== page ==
General Interrupt mechanism in Processors...

Interrupts are crucial for high performant system and we shall see how it works from a high level.

This article is not for the most basic programmers. Please read the introduction to device driver before reading this article.


Interrupt mechanics work partially in the hardware land and partially in software. Knowledge of both enables writing efficient driver writing and mitigating and troubleshooting bugs. Keep in mind that all the code is to be written inside a Linux module.

In an overview,

  • Interrupts are the signals that the CPU receives from hardware devices in order to get its attention.
  • After the signal is received by the CPU, it stops whatever was being executed, saves the state of the process running into the Program Control Block(PCB).
  • The CPU looks for the interrupt handler in the Interrupt Descriptor Table, which is a map of interrupt lines and interrupt descriptors.
  • After mapping to the corresponding interrupt descriptor, the CPU starts executing the handler provided in the descriptor.

This article is a chapter summary of the topic Interrupts in Linux Device Drivers 3rd Edition.

Interrupt lines

Interrupt lines are a limited resource with only 15 or 16 of them. The kernel keeps an account of interrupt lines, similar to that of I/O ports. A module/device driver requests an interrupt line before using it and releases it when finished.

Requesting an Interrupt line

A device driver can request an interrupt line by calling,

int request_irq(unsigned int irq, irqreturn_t (*handler)(int, void *,struct pt_regs *), unsigned long flags, const char *dev_name,void *dev_id);

The second parameter passed to this function, irqreturn_t (*handler)(int, void *,struct pt_regs *) is the handler function.

The interrupt handler can be installed either at driver initialization or when the device is first opened. Although, the correct place to call request_irq is when the device is first opened, before the
hardware is instructed to generate interrupts.

All the reported interrupts are listed in the /proc/interrupts file. Every interrupt to the system increments an integer in this file. The file /proc/stat also registers interrupts in the systems.

Now, handling interrupts in software requires that you register your interrupt line and wait for the interrupts on that line, but sometimes you may not know beforehand which line is going to be actually used by the device to send interrupts. In that case, one may contort to probing of interrupt lines by

//This function returns a bit mask of unassigned interrupts. The driver must pre-serve the returned bit mask, and pass it to probe_irq_off later. After this call, the
driver should arrange for its device to generate at least one interrupt.
	unsigned long probe_irq_on(void);

//After the device has requested an interrupt, the driver calls this function, passing as its argument the bit mask previously returned by probe_irq_on. probe_irq_off
returns the number of the interrupt that was issued after “probe_on.”
	int probe_irq_off(unsigned long);

To actually use these functions in action, we are probing a serial port,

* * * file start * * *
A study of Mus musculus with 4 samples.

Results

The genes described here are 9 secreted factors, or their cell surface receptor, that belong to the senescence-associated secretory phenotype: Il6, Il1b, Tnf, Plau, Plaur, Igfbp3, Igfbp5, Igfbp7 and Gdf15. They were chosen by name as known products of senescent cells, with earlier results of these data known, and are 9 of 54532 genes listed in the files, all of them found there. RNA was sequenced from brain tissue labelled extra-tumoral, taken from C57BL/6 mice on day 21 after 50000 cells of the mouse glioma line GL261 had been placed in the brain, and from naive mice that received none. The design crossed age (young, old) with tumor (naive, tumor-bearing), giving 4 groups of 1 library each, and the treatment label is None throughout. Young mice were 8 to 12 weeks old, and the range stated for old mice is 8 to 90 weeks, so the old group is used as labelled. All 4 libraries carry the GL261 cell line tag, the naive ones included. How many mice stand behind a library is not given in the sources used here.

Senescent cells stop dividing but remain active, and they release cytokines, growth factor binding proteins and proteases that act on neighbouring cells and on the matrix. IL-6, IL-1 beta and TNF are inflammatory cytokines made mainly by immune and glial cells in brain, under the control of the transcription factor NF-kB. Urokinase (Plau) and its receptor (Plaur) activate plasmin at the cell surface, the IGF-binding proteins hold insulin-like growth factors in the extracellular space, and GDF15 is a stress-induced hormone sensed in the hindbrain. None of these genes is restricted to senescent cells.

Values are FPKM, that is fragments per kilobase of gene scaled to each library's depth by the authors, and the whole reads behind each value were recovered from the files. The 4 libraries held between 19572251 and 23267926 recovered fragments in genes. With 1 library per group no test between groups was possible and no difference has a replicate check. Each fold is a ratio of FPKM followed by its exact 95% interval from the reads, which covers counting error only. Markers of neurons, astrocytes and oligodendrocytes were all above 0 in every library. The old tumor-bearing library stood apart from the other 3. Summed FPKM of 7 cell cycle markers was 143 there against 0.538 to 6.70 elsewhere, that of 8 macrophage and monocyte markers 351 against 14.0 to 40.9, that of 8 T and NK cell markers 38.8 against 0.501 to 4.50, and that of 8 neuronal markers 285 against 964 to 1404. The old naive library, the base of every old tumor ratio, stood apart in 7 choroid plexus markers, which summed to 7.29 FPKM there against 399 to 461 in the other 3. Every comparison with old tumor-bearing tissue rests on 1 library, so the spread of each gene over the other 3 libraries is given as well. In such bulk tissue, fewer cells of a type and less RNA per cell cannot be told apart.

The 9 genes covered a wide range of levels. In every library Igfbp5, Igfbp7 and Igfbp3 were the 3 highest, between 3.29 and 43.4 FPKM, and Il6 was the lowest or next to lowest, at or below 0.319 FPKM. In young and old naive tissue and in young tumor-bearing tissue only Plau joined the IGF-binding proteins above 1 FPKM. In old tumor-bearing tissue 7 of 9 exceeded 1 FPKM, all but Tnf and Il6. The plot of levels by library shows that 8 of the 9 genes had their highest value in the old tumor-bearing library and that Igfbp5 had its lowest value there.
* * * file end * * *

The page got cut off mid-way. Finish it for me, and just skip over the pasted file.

//call request_irq() first and then,
mask = probe_irq_on( );

outb_p(0x10,base+2); /* enable reporting */
outb_p(0x00,base);/* clear the bit */
outb_p(0xFF,base);/* set the bit: interrupt! */
outb_p(0x00,base+2); /* disable reporting */

udelay(10); /* give it some time */

my_irq = probe_irq_off(mask);

if (my_irq = = 0) { /* none of them? */
	printk(KERN_INFO "short: no irq reported by probe\n");
	my_irq = -1;
To probe for all interrupts, you have to probe from IRQ 0 to IRQ NR_IRQS-1, where NR_IRQS is defined in <asm/irq.h> and is platform-dependent.

Interrupt handling on the x86

Full code in action can be found inside the Linux kernel source tree, particularly in files arch/i386/kernel/irq.c, rch/i386/kernel/
, arch/i386/kernel/entry.S, arch/i386/kernel/i8259.c, and include/asm-i386/hw_irq.h.

The lowest level of interrupt handling can be found in entry.S, an assembly-language file that handles much of the machine-level work. A bit of code is assigned to every possible interrupt. In each case, the code pushes the interrupt number on the stack and jumps to a common
segment, which calls do_IRQ, defined in irq.c.

The first thing do_IRQ does is to acknowledge the interrupt so that the interrupt controller can go on to other things. It then obtains a spinlock for the given IRQ number, thus preventing any other CPU from handling this IRQ. It clears the IRQ_WAITING and then looks up the handler(s) for this particular IRQ. If there is no handler, there’s nothing to do; the spinlock is released, any pending software interrupts are handled, and do_IRQ returns.

Example of an Interrupt Handler

irqreturn_t my_interrupt(int irq, void *dev_id, struct pt_regs *regs)
    // Do whatever you want here...then,
    wake_up_interruptible(&my_queue);/* awake any reading process */
    return IRQ_HANDLED;

Usually, however, if a device is interrupting, there is at least one handler registered for its IRQ as well. The function handle_IRQ_event is called to actually invoke the handlers. If the handler is of the slow variety, interrupts are re-enabled in the hardware, and the handler is invoked. Then it’s just a matter of cleaning up, running software interrupts, and getting back to regular work. The regular work may well have changed as a result of an interrupt (the handler could wake_up a process, for example), so the last thing that happens on return from an interrupt is a possible rescheduling of the processor.